Cats, hockey players and membership woes

Bob Simpson muses on the liberal leadership race.

Feb. 26, British Columbians will get a new premier, but not all British Columbians will get to have a say in who that person is; only those who took out a BC Liberal Party membership before last Saturday have that privilege.

Unfortunately, British Columbians have no guarantee that the people who hold those memberships are real, human, have signed themselves up, are registered BC voters, or are even Canadian citizens.

Recent news reports have provided ample evidence that in the rush to sign up memberships, the front runners in the Liberal leadership race have lost control over the integrity of that process. A cat was signed up for Christy Clark and she’s now being accused of using invalid membership forms. A few members of a hockey team in Kamloops were signed up for Kevin Falcon’s bid, unbeknownst to the hockey players.

Mr. Falcon’s membership submissions also include at least 25 people whose residential address and phone number is a restaurant in Kelowna.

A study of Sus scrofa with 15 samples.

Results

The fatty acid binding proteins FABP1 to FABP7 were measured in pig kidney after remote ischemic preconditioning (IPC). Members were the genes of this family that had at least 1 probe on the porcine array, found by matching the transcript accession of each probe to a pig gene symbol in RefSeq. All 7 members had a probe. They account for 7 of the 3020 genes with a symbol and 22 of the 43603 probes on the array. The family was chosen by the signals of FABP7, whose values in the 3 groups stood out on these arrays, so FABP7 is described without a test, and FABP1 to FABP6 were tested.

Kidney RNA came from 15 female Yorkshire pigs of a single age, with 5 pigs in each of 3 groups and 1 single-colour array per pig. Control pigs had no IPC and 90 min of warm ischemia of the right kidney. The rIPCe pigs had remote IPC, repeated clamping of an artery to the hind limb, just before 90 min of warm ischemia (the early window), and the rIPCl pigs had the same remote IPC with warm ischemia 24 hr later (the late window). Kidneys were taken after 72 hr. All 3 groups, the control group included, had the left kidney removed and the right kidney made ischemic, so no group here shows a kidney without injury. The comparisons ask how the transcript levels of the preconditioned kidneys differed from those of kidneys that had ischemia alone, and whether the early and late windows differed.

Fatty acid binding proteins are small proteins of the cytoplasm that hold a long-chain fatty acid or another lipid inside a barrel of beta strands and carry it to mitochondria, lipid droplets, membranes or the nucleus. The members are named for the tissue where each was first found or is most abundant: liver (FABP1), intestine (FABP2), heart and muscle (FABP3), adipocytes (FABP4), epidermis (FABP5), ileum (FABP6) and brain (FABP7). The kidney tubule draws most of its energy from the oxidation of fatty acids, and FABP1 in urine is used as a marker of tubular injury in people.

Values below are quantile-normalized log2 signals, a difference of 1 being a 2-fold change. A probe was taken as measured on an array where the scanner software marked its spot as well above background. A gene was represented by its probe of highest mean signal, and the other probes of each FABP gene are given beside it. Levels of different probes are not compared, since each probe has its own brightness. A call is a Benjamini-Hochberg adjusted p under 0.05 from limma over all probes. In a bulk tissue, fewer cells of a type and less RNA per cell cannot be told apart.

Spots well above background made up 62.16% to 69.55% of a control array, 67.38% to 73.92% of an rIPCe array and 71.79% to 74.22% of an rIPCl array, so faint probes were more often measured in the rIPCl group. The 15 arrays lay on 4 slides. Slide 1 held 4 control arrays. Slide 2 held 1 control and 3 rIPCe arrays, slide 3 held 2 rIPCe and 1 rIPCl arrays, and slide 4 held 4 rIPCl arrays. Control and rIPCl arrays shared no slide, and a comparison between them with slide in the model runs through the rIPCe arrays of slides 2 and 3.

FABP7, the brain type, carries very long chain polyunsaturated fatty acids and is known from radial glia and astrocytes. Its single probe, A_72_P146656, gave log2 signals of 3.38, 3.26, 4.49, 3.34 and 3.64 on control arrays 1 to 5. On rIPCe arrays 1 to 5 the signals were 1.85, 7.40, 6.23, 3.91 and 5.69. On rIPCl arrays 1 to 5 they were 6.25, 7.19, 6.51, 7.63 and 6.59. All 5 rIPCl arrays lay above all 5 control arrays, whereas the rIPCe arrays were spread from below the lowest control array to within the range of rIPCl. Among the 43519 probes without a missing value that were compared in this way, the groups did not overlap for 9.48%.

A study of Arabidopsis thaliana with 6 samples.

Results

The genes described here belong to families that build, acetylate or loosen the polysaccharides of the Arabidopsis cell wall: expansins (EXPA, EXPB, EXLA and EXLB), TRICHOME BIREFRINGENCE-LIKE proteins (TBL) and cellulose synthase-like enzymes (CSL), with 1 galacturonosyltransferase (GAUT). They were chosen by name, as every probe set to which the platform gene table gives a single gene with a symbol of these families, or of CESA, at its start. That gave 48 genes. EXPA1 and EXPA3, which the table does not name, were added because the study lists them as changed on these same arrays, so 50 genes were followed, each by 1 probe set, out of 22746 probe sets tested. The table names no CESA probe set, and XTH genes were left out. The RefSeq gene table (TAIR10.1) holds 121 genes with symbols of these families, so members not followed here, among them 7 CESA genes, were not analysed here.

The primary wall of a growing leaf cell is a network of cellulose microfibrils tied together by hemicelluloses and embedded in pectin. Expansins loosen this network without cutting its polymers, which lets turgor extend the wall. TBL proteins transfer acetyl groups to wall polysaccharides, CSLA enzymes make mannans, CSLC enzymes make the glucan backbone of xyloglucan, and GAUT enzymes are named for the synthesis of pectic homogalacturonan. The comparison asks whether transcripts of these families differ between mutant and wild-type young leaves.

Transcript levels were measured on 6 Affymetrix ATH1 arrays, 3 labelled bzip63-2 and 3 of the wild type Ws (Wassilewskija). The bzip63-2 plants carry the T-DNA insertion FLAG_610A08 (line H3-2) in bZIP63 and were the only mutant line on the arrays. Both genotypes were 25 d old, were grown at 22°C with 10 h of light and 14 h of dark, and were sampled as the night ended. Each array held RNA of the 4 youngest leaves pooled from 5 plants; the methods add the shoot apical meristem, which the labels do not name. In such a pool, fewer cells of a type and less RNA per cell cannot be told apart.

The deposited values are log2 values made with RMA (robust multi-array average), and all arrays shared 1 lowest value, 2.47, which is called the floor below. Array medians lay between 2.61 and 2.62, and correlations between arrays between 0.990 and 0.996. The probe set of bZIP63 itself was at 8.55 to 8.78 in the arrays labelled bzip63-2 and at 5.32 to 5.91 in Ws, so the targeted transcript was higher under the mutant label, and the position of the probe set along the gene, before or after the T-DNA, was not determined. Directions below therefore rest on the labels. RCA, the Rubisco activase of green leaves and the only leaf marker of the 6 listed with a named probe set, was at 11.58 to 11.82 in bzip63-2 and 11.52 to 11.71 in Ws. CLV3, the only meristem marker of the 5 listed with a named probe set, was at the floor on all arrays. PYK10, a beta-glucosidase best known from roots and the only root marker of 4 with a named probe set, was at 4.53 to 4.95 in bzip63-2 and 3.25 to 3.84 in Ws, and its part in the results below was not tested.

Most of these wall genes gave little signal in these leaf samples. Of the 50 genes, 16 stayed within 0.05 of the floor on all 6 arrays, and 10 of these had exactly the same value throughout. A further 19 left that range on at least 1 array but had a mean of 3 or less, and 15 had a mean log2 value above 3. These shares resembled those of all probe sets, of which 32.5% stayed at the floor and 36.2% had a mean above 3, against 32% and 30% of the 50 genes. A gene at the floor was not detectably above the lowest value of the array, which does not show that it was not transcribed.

The NDP’s leadership race also started with a membership scandal, as “frontrunner” Adrian Dix admitted to handing in bulk memberships and cash against the stated rules of the party. But, for some reason, those memberships have been deemed to be valid by the party brass.

Political parties get to make their own rules about who can become a member and therefore get to vote in leadership and candidate contests. They also establish the rules governing how those memberships can be obtained.

A quick look at the online membership forms of both the Liberals and the NDP shows those “rules” are very lax.

The problem is these parties control our legislative democracy and determine who our premier is.

Their lax rules and scandal ridden candidate and leadership competitions form the very foundation of our governing system. If the foundation is rotten, is it any wonder we have a hard time getting good government under the party system?

At a minimum, political parties’ leadership and candidate races should be regulated and be subjected to independent oversight.

Leadership candidates should also have to declare, in advance of their party’s leadership vote, who funded their campaigns. Elections BC is the best agency to provide this oversight and both the major political parties should commit to making this change as soon as possible.

Bob Simpson is the Independent MLA for Cariboo North.